Saturday, January 8, 2011

Why It's Not Daycare

I am definitely aware of language. I think about the words I use, and I think about the words used around me. Various experiences throughout my life have enforced this, and I think it's a good thing.

And so begins my rant on "Daddy Daycare," fathers who "babysit," and "Mr. Mom." If you think I'm oversensitive on this, if you think I'm crazy for having a degree in Women's Studies, I would suggest you stop reading, because I've been pushed over the edge and I'm frustrated.

It's not daycare when a father cares for a child. It's parenting. Get it straight. When a man cares for a child alone, he's not pretending to be a mother. He's being a father.

I recognize that for many, these phrases are cute. They picture a man, often a boyfriend, husband, or partner, caring for a child, being sweet, affectionate, and gentle. However, if we think about it, comparing a care-giving father to daycare or a babysitter is a tremendous insult to their role as a parent, and implying that a father should only act in these ways when the mother is not able is ridiculous. If we accept that this sort of care-giving is only for rare occasions when daycare is needed, we are perpetuating the idea that a disproportionate amount of child-rearing should fall on women, and, if I dare say, we are letting less involved fathers off the hook. These phrases call back to a time with very fixed, inflexible ideas of domestic roles and gendered responsibilities, and this is not okay.

I read an essay by Matt Logelin, a widow whose wife died twenty-four hours after giving birth to their only child. He described the surprise he encounters when people realize that he, a man, can dress their daughter, care for her, and raise her alone. When his wife died, people actually asked him if he was going to give Maddie to someone else, presumably a woman, to raise.

In the essay, Matt said he was simultaneously assumed to be incompetent and praised for the smallest of feats. He said, "Society also mythologizes the good, single father. A man who steps up to his role as father is looked at in awe. Mothers? It seems that most people think nothing of the remarkable work done by these women. They’re just doing “their” job, right? Women are expected to be good mothers. Men are expected to be, well, men."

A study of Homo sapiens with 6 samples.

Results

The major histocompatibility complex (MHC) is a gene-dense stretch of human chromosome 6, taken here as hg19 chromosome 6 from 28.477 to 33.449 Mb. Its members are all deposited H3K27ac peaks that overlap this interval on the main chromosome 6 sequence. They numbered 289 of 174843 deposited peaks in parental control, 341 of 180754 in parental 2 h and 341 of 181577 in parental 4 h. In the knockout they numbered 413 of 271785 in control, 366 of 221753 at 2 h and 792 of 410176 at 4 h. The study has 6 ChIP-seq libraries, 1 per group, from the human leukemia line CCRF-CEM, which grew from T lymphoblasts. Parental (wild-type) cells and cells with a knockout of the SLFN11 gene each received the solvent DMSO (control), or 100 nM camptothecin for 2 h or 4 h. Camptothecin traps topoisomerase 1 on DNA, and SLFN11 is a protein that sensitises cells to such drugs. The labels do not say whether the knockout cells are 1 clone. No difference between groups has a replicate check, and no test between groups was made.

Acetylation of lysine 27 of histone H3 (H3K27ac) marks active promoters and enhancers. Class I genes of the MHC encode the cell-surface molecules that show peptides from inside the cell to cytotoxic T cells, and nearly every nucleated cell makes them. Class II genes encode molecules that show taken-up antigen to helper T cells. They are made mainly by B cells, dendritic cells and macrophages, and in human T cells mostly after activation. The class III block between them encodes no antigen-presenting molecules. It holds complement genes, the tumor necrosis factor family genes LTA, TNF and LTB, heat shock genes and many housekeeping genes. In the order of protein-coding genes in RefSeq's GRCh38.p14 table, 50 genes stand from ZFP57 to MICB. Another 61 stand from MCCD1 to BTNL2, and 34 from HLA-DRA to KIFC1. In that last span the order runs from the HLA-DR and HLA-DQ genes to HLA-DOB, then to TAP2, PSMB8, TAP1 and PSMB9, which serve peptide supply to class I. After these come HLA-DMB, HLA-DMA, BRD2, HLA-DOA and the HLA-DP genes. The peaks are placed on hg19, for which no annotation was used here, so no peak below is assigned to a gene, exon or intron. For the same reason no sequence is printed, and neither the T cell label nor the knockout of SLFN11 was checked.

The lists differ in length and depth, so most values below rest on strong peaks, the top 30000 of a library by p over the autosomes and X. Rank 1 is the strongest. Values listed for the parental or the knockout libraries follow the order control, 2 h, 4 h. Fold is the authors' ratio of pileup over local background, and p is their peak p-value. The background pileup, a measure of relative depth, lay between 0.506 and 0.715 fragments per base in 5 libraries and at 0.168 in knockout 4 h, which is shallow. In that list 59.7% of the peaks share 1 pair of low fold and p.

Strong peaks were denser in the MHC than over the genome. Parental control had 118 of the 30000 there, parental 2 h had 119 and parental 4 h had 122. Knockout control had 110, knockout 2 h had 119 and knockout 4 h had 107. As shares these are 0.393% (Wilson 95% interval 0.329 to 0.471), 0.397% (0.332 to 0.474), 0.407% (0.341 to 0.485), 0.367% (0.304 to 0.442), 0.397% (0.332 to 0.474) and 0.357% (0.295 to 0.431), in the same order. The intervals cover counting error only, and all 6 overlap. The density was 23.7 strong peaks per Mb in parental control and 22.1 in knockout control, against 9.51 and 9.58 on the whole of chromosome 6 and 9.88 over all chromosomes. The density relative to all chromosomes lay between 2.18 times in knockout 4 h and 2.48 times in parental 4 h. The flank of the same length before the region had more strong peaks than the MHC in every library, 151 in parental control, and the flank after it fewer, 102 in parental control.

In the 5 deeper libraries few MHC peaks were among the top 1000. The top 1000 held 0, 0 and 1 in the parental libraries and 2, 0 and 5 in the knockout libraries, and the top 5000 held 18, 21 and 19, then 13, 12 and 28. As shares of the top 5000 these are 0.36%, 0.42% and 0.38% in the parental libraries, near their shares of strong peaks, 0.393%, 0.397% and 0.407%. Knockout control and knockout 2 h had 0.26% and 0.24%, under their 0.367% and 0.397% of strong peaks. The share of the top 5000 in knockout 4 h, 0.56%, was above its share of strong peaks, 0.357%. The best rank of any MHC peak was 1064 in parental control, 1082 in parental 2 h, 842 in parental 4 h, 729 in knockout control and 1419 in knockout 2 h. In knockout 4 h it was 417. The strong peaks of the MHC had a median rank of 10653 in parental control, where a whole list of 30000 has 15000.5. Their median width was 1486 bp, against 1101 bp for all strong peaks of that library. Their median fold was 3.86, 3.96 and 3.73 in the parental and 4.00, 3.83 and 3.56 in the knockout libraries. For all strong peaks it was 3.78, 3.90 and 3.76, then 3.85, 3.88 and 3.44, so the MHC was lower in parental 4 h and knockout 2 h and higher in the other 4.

People do not expect men to innately know how to care for children and when men show themselves as capable, people are surprised and impressed. On the flip side, mothers are expected to carry the wealth of knowledge necessary for raising children, along with patience, kindness, and energy. The learning curve and expectations are pretty steep.

I think about the number of families in our lives with parents who parent equally, and I'm not talking about who goes to work and who stays home. I'm talking about parents who, in the early months, split night duty, feedings, comforting, and all of the tasks that come with child-rearing. I think of men who are single parents. I think of gay men in our lives who plan to adopt and will eventually be tremendous partners; their kids won't have a "mother," and they will be loved and nurtured. These men are not providing daycare, and they're not playing the part of "mom." They're parents. They're fathers. To imply any different would be selling them gravely short.


  1. I love this. I had friends who, when she, the stay-at-home-mom, would eventually convince or cajole him, the "breadwinner" dad, to parent the two kids alone for a few hours, would refer to this as babysitting or "watching the kids." Finally, one day another friend of mine who is perhaps more of a co-parent to his daughter said to this "babysitting" father, "Dude. It's not babysitting. It's parenting." I couldn't agree more, for all of the reasons you suggest.

  2. Excellent! And I love that you were a women's studies major. I think I am too in a much more minor way. People at my church always praise my husband for what a great dad he is. I am so thankful for him and I hope the other men take notice!